Did Texas Senator Ted Cruz really Tweet: “I’ll believe in climate change when Texas freezes over”? Whether he did or not, the Tweet matters.
Early in 2021, as so often happens on social media, a screenshot of an old Tweet started doing the rounds. And, again, as so often happens on social media, it caused quite a bit of backlash and controversy. The alleged Tweeter in question was Texas Senator Ted Cruz. And the Tweet itself? “I’ll believe in climate change when Texas freezes over.”
The timing of the release of the screenshot, apparently dated September 2016, was unsurprising. It was right after the southern state had dealt with catastrophic winter storms that killed hundreds, caused almost $200 billion worth of damage, and triggered a major power outage. The latter likely happened because the power plants in Texas, where the winters are usually relatively mild, were unprepared for the extremely cold conditions.
For many in the state during the winter of 2021, it likely felt like Texas truly was freezing over, and as research indicates, the climate crisis did play a hand in the storms. In fact, studies have suggested that the cold crisis was linked to melting sea ice in the Arctic. And it’s not over: at the end of 2022, Texas once again endured a bitterly cold period of harsh winter weather.
It’s understandable that such a statement from the state’s senator would cause outrage. But, in reality, Sen. Cruz didn’t ever send that Tweet. Many publications verified that the screenshot was fabricated.
Fake Tweet or not, does it matter?
Fake statement or not, the Tweet does seem to accurately sum up the senator’s real attitude toward the climate crisis. Whether he wrote those exact words on Twitter in 2016 or not doesn’t really matter, because the outrage is still justified. His past actions back up the sentiment.
In 2015, in a hearing regarding the debate around the climate crisis, Sen. Cruz said: “According to the satellite data, there has been no significant global warming for the past 18 years. Those are the data. The global warming alarmists don’t like these data — they are inconvenient to their narrative. But facts and evidence matter.” And, in 2019, he said the data was “inconclusive” on whether carbon dioxide was warming up the atmosphere.
His attitude has prompted a strong reaction from climate activists. Last October, protestors interrupted an interview with the senator on The View, claiming that “ABC needs to cover climate change more instead of platforming a climate denier like Ted Cruz.”
‘A hotbed of climate science denial’
Climate denial is dangerous. Action to tackle the climate crisis is not just necessary, it’s urgent. And when that action is undermined by people in power, the consequences are grave.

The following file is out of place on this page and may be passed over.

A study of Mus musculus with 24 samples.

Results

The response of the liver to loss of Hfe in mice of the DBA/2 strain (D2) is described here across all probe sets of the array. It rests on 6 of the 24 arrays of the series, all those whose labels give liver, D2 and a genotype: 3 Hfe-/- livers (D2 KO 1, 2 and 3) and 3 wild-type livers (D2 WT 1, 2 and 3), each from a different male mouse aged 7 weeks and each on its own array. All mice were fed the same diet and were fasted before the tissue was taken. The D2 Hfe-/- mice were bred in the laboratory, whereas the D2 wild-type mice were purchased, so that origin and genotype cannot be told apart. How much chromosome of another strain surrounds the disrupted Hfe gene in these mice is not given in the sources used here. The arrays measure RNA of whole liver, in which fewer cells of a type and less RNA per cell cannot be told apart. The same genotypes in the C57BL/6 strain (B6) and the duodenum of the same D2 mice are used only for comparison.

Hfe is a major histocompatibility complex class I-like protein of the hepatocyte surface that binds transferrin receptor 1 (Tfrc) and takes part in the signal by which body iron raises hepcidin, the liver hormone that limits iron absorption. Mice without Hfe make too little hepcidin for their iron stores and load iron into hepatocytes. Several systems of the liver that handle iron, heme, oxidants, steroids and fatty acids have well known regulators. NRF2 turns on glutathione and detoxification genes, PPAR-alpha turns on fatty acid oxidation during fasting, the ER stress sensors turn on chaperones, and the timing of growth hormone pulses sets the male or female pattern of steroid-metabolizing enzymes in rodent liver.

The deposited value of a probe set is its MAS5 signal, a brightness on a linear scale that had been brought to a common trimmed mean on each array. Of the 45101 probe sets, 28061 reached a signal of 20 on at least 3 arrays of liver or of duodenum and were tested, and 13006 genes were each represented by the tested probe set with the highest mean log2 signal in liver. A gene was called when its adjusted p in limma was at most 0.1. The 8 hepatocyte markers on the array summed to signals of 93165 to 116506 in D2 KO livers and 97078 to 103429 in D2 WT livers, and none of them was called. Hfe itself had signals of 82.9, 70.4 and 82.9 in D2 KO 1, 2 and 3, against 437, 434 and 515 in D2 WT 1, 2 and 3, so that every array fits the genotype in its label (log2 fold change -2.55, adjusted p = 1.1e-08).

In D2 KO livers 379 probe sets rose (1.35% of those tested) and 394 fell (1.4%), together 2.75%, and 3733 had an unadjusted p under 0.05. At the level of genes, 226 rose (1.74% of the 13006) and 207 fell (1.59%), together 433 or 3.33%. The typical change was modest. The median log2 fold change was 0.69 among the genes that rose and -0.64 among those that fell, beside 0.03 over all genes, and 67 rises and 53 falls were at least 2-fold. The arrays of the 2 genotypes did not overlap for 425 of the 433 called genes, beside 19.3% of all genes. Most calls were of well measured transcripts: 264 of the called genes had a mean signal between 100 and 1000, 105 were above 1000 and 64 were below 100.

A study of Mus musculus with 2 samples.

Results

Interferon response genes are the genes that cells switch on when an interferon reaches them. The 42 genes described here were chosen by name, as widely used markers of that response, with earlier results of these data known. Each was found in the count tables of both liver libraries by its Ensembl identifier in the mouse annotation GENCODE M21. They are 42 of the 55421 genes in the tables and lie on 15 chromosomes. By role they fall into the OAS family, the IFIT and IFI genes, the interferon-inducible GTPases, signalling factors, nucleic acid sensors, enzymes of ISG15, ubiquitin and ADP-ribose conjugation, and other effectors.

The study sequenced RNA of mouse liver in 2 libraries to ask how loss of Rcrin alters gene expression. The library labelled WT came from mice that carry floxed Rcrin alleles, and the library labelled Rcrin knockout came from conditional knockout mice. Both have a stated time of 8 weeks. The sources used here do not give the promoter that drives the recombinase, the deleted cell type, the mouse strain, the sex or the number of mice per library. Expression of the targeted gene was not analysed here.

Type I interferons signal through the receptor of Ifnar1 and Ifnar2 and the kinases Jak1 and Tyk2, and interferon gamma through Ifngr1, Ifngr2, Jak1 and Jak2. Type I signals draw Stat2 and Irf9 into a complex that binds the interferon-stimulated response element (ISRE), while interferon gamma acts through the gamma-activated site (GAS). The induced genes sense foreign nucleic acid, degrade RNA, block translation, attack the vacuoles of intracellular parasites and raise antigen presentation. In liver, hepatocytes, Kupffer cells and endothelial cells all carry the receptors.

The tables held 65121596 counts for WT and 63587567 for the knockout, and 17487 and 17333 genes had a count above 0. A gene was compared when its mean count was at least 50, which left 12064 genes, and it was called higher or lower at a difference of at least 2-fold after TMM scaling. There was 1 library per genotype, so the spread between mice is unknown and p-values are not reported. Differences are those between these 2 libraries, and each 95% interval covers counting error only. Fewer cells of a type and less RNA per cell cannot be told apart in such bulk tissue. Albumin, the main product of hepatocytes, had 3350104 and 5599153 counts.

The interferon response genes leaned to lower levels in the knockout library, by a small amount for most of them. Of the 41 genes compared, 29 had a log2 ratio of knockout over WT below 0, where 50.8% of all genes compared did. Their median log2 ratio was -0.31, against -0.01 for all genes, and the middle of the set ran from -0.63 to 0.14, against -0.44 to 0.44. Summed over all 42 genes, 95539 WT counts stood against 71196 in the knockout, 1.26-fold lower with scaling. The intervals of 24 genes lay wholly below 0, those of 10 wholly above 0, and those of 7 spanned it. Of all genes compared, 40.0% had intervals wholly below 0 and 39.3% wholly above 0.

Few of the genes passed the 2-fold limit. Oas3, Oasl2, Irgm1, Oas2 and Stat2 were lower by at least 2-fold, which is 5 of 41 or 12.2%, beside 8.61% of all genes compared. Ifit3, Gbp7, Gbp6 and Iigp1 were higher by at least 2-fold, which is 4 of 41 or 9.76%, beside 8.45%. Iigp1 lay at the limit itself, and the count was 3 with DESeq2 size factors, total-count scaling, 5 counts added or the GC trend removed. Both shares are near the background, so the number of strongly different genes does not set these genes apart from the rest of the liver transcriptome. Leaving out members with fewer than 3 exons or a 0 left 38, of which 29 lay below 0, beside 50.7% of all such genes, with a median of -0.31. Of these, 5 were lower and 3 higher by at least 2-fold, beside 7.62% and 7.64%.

Despite Sen. Cruz’s views on the data, more than 99 percent of scientists agree that the more greenhouse gasses we pump into the atmosphere, the worse the climate crisis gets. Extreme heat events, like droughts, heatwaves, and wildfires, become more likely. And so do other events, like floods, hurricanes, extreme cold snaps, and winter storms, because research suggests the climate crisis is messing with the earth’s natural weather patterns.
Sen. Cruz isn’t alone. In 2019, one survey led by the Guardian suggested that the US was “a hotbed of climate science denial,” with 13 percent of Americans noting that human activity doesn’t have anything to do with our changing climate. But it’s not all bad news. In August 2022, the World Economic Forum reported 23 percent fewer climate deniers in U.S. Congress than six years ago.
Perhaps, as the NGO speculated, this is because extreme weather is becoming harder and harder to ignore. In 2022, some of the most horrific climate disasters yet happened in various places all over the world.
Pakistan’s floods killed more than 1,700 people and displaced nearly 8 million, while Ethiopia, Somalia, and Kenya faced continuous drought, after the fifth rainy season passed without, well, rain. Wildfires ravaged Europe, and China experienced its most intense heatwave since records began.
Time for action
The time for waiting has passed. Texas froze. So the world’s leaders and its biggest, most powerful corporations need to act. And if they don’t, research indicates they will be held accountable, with climate lawsuits becoming more common than ever before. In fact, according to the London School of Economics, climate change litigation has more than doubled in the last seven years.
In 2022, for example, ClientEarth, which calls itself the “world’s most ambitious environmental organization,” took the U.K. government to court for its “inadequate net-zero strategy,” and won. At the time, the ruling was seen as a “breakthrough moment in the fight against climate delay and inaction.” One of ClientEarth’s lawyers Sam Hunter-Jones, said: “It forces the Government to put in place climate plans that will actually address the crisis.”
But as we’ve also seen in 2022, with climate activists hitting the headlines constantly, protests are going to become a part and parcel of life, until they feel heard, at least. Alice Hu, one of the protestors who interrupted Sen. Cruz on The View, told the Guardian: “The climate crisis has reached a point where it’s very clear that politely asking through petitions and voting for certain candidates, and so on, is not enough to stop the rapid climate collapse that we’re experiencing throughout the world.”